Digital Data Communications Message Protocol (DDCMP) is a byte-oriented communication protocol and a synchronous data link layer protocol, devised by digital equipment corporation. A byte oriented protocol views the frames as a collection of bytes/characters.
Some of the popular byte oriented protocols are –
- BISYNC (Binary synchronous communications protocol)
- PPP (Point to point protocol)
- DDCMP (Digital data communications message protocol)
Digital data communications message protocol (DDCMP) differs from BISYNC and PPP protocols, as it employs byte counting approach. Counting, here, refers to the number of bytes in the count field of the frame format.
DDCMP : Frame Format –
- In the frame format, there are two synchronous fields(SYN) of 8 bits each (similar to synchronous fields in BISYNC protocol).
- A class field of 8 bits(similar to class field in PPP protocol).
- A header field of 42 bits.
- A count field of 14 bits, to count the number of bytes in the frame body.
- The body field is of variable length.
- The CRC (cyclic redundancy check) field of 16 bits, performs error detection, on the data.
DDCMP Drawback : Transmission error –
A Transmission error can affect any bit pattern in the frame. If it corrupts the count field, then the end of frame would not be correctly detected by the receiver. The frame structure can get cluttered.
Consider, we have three frames.
- The count field is in every frame.
- Let us consider the frame, drawn green in the above figure be F3[Frame-3]. This is the frame created by the sender.
- Let us consider the frame, drawn red in the above figure be F2[Frame-2].
- Let us consider the frame, drawn blue in the above figure be F1[Frame-1].
- The sender, sends the information to the receiver, and the receiver reads the count field ‘5’ first and understands that, the next 5 bytes belong to one frame i.e., F1[Frame-1].
- Similarly. it reads the count field ‘4’ and ‘6’ respectively and understands that the next 4 and 6 bytes belong to two frames respectively.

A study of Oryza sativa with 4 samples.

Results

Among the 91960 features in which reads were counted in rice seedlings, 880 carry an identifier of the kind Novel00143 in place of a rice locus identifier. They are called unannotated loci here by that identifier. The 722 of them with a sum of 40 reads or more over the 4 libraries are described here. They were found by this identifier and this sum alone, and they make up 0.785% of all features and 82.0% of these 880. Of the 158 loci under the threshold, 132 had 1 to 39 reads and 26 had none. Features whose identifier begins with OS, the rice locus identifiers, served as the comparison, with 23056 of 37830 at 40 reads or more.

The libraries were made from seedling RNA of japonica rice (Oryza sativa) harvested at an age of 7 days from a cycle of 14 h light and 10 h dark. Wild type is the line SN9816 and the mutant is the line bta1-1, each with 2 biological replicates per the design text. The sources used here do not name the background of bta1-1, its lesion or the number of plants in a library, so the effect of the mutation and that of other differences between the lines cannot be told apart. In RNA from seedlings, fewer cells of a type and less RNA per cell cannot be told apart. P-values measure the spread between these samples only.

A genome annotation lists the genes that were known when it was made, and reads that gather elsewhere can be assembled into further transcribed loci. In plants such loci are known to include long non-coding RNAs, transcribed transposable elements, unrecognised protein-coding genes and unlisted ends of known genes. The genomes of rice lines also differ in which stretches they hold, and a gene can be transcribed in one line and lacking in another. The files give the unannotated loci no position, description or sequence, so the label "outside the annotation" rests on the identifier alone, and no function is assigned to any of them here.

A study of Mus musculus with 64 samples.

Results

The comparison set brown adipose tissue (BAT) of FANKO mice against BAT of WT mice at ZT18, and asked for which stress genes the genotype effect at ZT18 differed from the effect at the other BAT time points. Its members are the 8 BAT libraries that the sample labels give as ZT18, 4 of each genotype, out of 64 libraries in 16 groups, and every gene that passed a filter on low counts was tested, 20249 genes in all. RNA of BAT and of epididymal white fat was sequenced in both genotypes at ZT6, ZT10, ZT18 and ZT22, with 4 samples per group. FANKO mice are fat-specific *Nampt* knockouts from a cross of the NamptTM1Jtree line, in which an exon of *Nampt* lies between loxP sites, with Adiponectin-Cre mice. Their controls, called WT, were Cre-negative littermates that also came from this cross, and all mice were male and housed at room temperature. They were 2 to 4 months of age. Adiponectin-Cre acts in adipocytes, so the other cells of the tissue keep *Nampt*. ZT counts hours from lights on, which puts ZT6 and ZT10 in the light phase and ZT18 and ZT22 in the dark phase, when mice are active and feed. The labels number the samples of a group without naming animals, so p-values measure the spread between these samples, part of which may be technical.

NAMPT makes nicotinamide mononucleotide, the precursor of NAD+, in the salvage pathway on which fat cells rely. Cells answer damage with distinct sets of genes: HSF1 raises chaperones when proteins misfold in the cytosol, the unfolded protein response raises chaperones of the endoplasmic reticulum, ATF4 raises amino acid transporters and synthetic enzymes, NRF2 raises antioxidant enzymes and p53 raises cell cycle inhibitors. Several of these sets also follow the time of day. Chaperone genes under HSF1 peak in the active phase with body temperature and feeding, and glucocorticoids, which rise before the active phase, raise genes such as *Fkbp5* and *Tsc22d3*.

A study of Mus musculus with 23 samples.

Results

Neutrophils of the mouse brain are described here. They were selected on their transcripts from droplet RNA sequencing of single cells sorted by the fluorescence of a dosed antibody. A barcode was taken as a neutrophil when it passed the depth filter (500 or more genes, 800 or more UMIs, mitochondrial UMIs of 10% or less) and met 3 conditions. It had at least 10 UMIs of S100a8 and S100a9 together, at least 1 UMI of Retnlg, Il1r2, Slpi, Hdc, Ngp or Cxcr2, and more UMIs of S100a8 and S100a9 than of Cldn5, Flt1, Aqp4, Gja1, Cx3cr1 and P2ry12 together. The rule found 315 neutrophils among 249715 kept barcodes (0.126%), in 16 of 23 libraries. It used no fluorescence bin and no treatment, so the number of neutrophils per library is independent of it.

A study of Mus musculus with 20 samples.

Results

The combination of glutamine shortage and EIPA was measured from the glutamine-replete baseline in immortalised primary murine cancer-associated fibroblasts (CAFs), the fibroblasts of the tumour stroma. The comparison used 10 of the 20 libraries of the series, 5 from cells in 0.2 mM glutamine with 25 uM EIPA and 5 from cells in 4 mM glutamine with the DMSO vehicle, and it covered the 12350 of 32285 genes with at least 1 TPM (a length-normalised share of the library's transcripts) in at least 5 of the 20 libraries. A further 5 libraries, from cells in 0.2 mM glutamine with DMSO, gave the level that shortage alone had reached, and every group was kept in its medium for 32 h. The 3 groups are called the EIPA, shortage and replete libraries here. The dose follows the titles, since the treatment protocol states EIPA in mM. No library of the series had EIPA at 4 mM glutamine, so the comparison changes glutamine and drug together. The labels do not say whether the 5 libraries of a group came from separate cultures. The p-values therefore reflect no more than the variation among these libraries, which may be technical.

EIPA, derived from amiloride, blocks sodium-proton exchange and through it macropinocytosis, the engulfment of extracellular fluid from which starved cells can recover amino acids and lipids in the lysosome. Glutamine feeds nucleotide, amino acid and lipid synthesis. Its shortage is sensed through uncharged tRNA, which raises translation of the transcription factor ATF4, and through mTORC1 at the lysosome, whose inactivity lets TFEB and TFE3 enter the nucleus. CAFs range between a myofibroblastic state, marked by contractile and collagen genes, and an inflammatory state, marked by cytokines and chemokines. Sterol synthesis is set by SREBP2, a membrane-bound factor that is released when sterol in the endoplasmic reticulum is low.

- Unfortunately, when the transmission error occurs and say, affects F2[Frame-2]. The count field of F2 gets modified into ‘7’ from ‘4’. Hence, the receiver understands that the next 7 bytes after ‘7’ belongs to one frame i.e F2[Frame-2], but it is not the frame created by sender. When the receiver identifies this as F2[Frame-2], framing error occurs.
In above figure, Transmission error depicted in an example for DDCMP frame format.
Attention reader! Don’t stop learning now. Get hold of all the important CS Theory concepts for SDE interviews with the CS Theory Course at a student-friendly price and become industry ready.
- Networks and Process of Network Communications
- Network Protocols and Communications
- Internet Control Message Protocol (ICMP)
- Introduction of Message Queue Telemetry Transport Protocol (MQTT)
- Syslog Message Logging Protocol
- Cisco Discovery Protocol (CDP) and Link Layer Discovery Protocol (LLDP) in Data Link Layer
- Hot Standby Router Protocol (HSRP) and Virtual Router Redundancy Protocol (VRRP)
- Difference between Stop and Wait protocol and Sliding Window protocol
- Difference between File Transfer Protocol (FTP) and Secure File Transfer Protocol (SFTP)
- Difference between Serial Line Internet Protocol (SLIP) and Point-to-Point Protocol (PPP)
- Difference between Border Gateway Protocol (BGP) and Routing Information Protocol (RIP)
- Message Authentication Codes
- How message authentication code works?
- Message switching techniques
- Transforming a Plain Text message to Cipher Text
- Difference between Circuit switching and Message switching
- Message Digest in Information security
- What is HMAC(Hash based Message Authentication Code)?
- Difference between Message and Packet Switching
- Difference Between High-level Data Link Control (HDLC) and Point-to-Point Protocol (PPP)
If you like GeeksforGeeks and would like to contribute, you can also write an article using contribute.geeksforgeeks.org or mail your article to firstname.lastname@example.org. See your article appearing on the GeeksforGeeks main page and help other Geeks.
Please Improve this article if you find anything incorrect by clicking on the "Improve Article" button below.